Kierkegaard: "Truth ALWAYS Rests With the Minority!"

I just freaking love this:

"Truth always rests with the minority, and the minority is always stronger than the majority, because the minority is generally formed by those who really have an opinion, while the strength of a majority is illusory, formed by the gangs who have no opinion -- and who, therefore, in the next instant (when it is evident that the minority is the stronger) assume its opinion... while truth again reverts to a new minority. In regard to Truth, this troublesome monster, the majority, the public, etc... fares in the same way as we say of someone who is traveling to regain his health: he is always one station behind.” 
(Kierkegaard's Diary)


Until the voices of the marginalized (the “other”) are given affirmation and equality, God’s voice literally cannot be heard. That's why feminist, queer and other postcolonial theologies have become so important to me. They are attempts at opening doors for the people I love most.

In contemporary Christianity, perceptions have been sadly and purposefully warped through the demonization and delegitimization of fringe/marginal/postcolonial/"MINORITY" movements and perspectives. As Phyllis Bird eloquently argues: "The authority of the Bible does not rest in the infallibility of its statements, but in the truth of its witness to a creating and redeeming power, which can and must be known as a present reality."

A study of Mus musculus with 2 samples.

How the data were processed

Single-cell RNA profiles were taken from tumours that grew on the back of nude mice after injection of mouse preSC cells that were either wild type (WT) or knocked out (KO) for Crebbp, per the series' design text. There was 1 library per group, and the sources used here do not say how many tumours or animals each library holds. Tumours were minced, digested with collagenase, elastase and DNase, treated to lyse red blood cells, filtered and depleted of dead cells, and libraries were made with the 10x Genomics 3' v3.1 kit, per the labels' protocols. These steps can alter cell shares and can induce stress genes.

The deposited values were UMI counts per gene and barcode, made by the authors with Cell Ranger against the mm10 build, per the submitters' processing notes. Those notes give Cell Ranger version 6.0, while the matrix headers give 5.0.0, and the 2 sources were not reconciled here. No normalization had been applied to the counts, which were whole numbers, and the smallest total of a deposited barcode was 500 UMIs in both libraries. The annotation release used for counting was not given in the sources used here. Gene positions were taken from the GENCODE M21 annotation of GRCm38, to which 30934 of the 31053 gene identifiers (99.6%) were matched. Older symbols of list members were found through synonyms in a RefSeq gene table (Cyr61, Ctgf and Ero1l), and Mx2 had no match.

Kierkegaard is perceptive here, recognizing that Christianity is always a diaspora religion - only truly "true" at its own fringes where it is marginalized - the minority.  So the truth is constantly changing, refusing to be represented or affirmed by the majority or the powerful.

3 comments:

Anthony said...

Great quote from Phyllis Bird! Do you have the source for that handy? If not don't bother looking for it, I'll manage to find it.

Peter J Walker said...

Anthony, yes! Missing Persons page 264! Cheers!

Anthony said...

Thanks very much for citation. Useful quote, and something to ponder. The book, on Amazon "Look Inside", appears to have a bunch of other good insights and arguments. I will put it on my list.